Botulism deaths at Maine horse farm spark discussion about the disease


RoundbaleDuring the month of April, 23 horses died or were euthanized at Whistlin’ Willows Farm in Gorham, Maine due to botulism. The disease is not contagious and neighboring farms are not likely at risk.The farm specializes in buying and selling horses and has a variety of breeds and ages on the property.

Investigations found that the most likely source of the disease was balage that the horses were fed. Balage, also called haylage, is hay that is baled shortly after cutting and wrapped in plastic where it ferments and can be stored for long periods before being fed out.

Balage carries a high risk of botulism, and for that reason, most horse owners and managers avoid it. The process of baling and fermenting balage is fraught with difficulties, and a small error can lead to ideal conditions for Clostridium botulinum, the bacteria that causes botulism.

Although rare, botulism is a serious disease in horses. It is often fatal in unvaccinated equines. The disease affects its victims by blocking transmission of nerve impulses, ultimately leading to muscle weakness and paralysis, inability to swallow and hypoventilation leading to respiratory arrest.

One of the most common forms of botulism is Shaker Foal Syndrome. In the mid-Atlantic and around Kentucky, broodmares are often given the botulism vaccine as it will transfer to the foal. Horses fed round bales in that region may also need to be vaccinated. The disease is not common in New England where April’s outbreak occurred, and the horses involved were not vaccinated.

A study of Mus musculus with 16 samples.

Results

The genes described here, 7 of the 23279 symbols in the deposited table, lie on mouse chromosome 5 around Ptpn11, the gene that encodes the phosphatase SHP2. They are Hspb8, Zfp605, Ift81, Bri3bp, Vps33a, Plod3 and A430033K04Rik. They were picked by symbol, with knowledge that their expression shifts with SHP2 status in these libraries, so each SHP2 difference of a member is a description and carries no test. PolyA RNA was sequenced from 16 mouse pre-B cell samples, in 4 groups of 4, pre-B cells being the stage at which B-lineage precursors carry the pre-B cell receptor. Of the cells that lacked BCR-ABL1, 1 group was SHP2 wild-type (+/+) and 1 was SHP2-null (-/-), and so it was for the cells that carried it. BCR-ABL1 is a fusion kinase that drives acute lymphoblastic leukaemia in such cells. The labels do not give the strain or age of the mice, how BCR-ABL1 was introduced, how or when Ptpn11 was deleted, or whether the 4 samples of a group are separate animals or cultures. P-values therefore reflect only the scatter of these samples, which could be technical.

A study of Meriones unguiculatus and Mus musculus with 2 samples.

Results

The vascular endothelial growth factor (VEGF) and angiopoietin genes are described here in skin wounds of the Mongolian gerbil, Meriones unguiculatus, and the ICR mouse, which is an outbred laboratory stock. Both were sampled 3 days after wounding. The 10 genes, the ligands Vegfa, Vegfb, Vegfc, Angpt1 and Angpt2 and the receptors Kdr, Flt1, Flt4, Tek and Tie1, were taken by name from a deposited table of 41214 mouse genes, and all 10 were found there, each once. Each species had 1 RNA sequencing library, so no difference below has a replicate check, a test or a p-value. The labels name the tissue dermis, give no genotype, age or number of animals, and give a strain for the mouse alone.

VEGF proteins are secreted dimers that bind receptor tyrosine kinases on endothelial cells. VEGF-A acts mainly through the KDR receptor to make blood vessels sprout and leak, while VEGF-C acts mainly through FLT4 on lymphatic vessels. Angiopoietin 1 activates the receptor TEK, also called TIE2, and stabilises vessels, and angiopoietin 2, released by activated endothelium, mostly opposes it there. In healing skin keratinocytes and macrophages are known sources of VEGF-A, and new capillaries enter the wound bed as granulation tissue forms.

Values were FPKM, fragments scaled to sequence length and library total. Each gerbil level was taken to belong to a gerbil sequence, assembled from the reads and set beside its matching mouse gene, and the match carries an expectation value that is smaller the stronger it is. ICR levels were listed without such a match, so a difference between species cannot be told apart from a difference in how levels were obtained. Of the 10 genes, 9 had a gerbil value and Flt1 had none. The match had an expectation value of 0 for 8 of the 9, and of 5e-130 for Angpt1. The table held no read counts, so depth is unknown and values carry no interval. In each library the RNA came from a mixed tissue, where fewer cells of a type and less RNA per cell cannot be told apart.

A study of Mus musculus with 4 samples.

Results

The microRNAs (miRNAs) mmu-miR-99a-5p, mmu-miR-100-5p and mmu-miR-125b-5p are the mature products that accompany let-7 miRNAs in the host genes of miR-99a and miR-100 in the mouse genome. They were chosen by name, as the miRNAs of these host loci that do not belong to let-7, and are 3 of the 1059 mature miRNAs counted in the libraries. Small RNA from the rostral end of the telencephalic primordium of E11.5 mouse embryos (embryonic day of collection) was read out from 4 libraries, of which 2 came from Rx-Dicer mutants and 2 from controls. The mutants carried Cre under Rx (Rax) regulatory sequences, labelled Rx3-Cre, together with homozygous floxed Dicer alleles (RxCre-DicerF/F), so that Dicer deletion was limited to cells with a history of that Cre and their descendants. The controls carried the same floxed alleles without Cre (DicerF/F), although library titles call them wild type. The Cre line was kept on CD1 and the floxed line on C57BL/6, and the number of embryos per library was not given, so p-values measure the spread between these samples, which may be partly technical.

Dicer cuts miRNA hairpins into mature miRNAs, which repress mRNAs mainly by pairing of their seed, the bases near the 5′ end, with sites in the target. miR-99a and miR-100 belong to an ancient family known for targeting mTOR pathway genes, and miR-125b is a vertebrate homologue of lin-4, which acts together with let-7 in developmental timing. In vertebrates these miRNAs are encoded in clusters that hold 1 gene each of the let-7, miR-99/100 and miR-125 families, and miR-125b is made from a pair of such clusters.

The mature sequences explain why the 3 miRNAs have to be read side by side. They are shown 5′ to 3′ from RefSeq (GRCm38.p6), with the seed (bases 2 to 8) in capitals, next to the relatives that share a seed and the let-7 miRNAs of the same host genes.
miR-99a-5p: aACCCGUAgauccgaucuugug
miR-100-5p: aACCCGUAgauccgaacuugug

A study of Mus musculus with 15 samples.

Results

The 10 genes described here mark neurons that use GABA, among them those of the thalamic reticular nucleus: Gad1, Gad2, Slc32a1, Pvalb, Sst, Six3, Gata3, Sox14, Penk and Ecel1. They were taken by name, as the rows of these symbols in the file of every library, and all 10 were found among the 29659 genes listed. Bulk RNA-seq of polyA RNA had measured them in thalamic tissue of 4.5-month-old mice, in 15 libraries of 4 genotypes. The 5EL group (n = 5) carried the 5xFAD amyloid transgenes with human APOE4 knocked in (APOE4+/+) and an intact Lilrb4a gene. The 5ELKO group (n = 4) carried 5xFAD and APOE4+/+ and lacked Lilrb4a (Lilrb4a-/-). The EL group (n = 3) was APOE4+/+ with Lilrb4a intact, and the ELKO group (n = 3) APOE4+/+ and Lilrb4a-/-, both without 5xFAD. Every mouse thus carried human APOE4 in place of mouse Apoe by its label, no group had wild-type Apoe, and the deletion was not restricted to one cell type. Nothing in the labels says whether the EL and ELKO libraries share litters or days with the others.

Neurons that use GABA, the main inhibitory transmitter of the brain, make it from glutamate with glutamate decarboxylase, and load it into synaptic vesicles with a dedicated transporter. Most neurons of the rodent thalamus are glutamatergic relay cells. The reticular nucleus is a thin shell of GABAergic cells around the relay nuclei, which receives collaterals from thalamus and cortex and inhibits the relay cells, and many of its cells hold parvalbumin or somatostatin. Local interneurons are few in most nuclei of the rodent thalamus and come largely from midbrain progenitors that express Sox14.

According to Maine’s state veterinarian, the farm had another 40 to 45 horses that also became sick but have recovered, most likely because they ingested less of the contaminated feed than the horses that died.

The disease can occur in regular round bales if they are contaminated with an animal carcass. The bacteria are also found in poultry feces. Cases of botulism in humans have occurred due to improperly canned or preserved food.

Horse owners are encouraged to discuss vaccination options with their vets. Horses outside of the mid-Atlantic region and those that are not fed round bales may not need the vaccine.


  2. Wow. The way that haylage is processed and packaged makes it sound like it is just asking for problems, like botulism, mold, rotting, etc. Sounds like bad stuff that shouldn’t have been fed in the first place.
    Sad news, but it is a warning to be cautious.